According to Cushman & Wakefield, the pandemic has thrown coworking spaces into a distressing situation and some smaller market players are, in fact, finding it difficult to keep afloat. How will coworking spaces attract companies in the new post-pandemic reality? What will the flexible office of the future look like?
Various working patterns are likely to emerge post-pandemic. Some companies will certainly choose to return to offices. Other organisations will opt for remote working, with employees occasionally coming to the office. It is estimated that approximately 20 percent of employees will want to work in this way. The third and most popular choice will be working under a hybrid model combining in-office work and remote work, for example from home or a coworking space. What advantages of such spaces will be important to their users in the new reality?
During the pandemic, many employees have complained about the lack of social bonding. That’s why coworking spaces designed to create communities are likely to become even more attractive going forward.
“A functional fit-out, excellent coffee, space for conversations and social bonding and after-work drinks will all foster making connections and improve the coworking experience. For a coworking community to have the highest value, spaces should be leased to a variety of companies, both corporate clients and small start-ups. This will create an opportunity for experience sharing and networking,” says Aleksander Szybilski, Leader of Workplace Strategy, Associate Director, Office Department, Cushman & Wakefield.
A network of locations
The location of a head office can significantly affect the choice of a dominant work model. Worse-connected locations will be less favoured if work can be done without having to commute. It is location accessibility that is worth considering when looking for a niche for a strong network of coworking spaces.
“The winners will be coworking providers operating in multiple locations, both across individual cities and the whole country. It will certainly be very convenient and beneficial for companies with employees in various places to sign one contract with a provider of coworking space in many locations,” comments Dominika Kowalska, Associate Director, Workplace Strategy, Office Department, Cushman & Wakefield.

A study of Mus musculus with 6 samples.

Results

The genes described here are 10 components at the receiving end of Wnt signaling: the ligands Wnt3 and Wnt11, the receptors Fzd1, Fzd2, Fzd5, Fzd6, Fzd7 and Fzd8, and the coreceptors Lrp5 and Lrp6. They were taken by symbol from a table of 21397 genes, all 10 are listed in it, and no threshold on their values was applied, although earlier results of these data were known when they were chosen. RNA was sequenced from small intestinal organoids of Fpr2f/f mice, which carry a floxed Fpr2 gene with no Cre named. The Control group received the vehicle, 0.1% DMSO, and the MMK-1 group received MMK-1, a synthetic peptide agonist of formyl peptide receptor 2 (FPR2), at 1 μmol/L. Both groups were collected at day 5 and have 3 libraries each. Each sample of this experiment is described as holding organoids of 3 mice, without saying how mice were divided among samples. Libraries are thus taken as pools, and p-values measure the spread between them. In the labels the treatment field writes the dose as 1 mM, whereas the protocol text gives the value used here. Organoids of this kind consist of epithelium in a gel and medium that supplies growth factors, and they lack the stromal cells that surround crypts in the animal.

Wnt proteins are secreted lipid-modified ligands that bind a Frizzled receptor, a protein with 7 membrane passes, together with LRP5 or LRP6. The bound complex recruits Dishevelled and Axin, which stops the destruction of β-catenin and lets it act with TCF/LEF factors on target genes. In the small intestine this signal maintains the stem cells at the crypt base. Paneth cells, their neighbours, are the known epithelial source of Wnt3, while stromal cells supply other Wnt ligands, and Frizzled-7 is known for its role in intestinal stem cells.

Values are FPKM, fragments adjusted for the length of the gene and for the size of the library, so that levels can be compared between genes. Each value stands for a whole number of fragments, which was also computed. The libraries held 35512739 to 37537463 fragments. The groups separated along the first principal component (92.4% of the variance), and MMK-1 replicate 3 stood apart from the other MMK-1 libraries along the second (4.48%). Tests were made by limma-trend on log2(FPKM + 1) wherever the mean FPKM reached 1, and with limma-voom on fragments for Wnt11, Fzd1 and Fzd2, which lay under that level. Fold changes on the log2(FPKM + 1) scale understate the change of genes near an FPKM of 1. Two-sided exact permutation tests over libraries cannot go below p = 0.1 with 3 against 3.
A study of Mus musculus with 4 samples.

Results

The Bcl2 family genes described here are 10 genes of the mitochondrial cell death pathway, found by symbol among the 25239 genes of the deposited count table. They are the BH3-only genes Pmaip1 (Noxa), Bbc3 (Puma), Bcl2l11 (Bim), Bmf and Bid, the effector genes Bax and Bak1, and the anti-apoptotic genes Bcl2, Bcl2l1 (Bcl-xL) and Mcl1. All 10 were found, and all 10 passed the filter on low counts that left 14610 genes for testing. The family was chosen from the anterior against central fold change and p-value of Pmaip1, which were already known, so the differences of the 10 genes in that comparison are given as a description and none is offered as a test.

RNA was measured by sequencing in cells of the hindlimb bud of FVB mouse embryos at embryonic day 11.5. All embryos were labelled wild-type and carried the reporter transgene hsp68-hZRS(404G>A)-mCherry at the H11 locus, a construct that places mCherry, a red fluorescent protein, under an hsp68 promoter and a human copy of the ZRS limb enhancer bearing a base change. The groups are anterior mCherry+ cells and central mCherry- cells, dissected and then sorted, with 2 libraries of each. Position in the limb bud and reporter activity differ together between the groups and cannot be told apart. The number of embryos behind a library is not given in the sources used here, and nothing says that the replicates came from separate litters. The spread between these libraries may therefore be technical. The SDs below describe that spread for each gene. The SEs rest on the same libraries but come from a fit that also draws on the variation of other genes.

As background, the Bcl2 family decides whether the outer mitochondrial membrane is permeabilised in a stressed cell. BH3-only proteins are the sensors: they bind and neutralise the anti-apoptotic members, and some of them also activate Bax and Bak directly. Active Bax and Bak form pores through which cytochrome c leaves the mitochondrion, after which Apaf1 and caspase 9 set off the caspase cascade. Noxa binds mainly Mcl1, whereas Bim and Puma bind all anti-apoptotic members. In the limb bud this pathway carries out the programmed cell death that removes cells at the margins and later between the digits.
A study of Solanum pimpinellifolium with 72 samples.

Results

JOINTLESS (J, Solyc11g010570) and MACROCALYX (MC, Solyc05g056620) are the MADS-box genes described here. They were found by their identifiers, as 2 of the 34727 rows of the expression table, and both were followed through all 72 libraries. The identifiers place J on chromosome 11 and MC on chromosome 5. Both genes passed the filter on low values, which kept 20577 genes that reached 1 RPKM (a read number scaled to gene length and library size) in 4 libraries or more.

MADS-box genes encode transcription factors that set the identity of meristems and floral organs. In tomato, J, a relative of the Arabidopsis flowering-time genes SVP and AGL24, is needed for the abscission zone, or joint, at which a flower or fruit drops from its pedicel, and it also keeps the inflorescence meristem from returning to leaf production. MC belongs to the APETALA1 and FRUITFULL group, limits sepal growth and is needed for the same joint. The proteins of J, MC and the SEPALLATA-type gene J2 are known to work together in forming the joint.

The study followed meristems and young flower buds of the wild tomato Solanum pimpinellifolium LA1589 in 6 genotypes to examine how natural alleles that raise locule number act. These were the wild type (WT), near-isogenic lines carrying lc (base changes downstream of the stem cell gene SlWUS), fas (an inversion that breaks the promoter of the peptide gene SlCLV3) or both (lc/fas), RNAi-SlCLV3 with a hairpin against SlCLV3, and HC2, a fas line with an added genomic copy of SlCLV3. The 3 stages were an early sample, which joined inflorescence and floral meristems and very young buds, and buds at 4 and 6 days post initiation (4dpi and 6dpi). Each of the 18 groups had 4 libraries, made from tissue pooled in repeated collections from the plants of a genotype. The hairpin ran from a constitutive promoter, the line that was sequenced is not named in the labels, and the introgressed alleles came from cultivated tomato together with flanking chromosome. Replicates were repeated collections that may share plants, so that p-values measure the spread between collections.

Coworking as a fringe benefit
Experts anticipate that in the future employers will be able to offer coworking cards to be used like Multisport cards, for instance.
“The market is already offering apps granting employees points to access for example conference rooms or all coworking spaces. This enables an analysis of the kinds of spaces favoured by employees. As listing all flexible offices in a single app may be time-consuming, it will probably be quite some time before such tools are developed. But this solution is definitely worth keeping an eye on,” says Dominika Kowalska, Associate Director, Workplace Strategy, Office Department, Cushman & Wakefield.
Driven by caution, small and medium-sized enterprises are likely to opt for coworking spaces rather than long office leases. Access to coworking spaces will be particularly important to companies in expansion mode and in need of larger spaces or moving from project to project and whose project teams increase in size from time to time.
“Companies that previously preferred to have an office of their own – however small it might have been – are now finding it more profitable to operate from coworking spaces. A big advantage of this option is the flexibility of office space upsizing and downsizing. When a company grows, there is no need to wait for a new architectural design or to adapt space. Coworking providers offer ready-to-occupy space that can be used according to one’s requirements and capabilities,” says Aleksander Szybilski, Leader of Workplace Strategy, Associate Director, Office Department, Cushman & Wakefield.
The pandemic is reshaping offices. Looking ahead, coworking spaces that will best adapt to the new reality will gain the upper hand. The current trend is to increase the allocation of square metres per person. As coworking spaces have to be profitable, it is not always a financially viable proposition. There will also be more demand for small rooms for working individually or in small groups. As frequent teleconferencing is very likely to stay with us, we will need more space for confidential conversations. The workspace will definitely remain important, but not the most important. Key factors will include managing a dispersed team and knowing how to communicate and when to have a virtual or face-to-face meeting. Decentralisation of companies is likely to continue.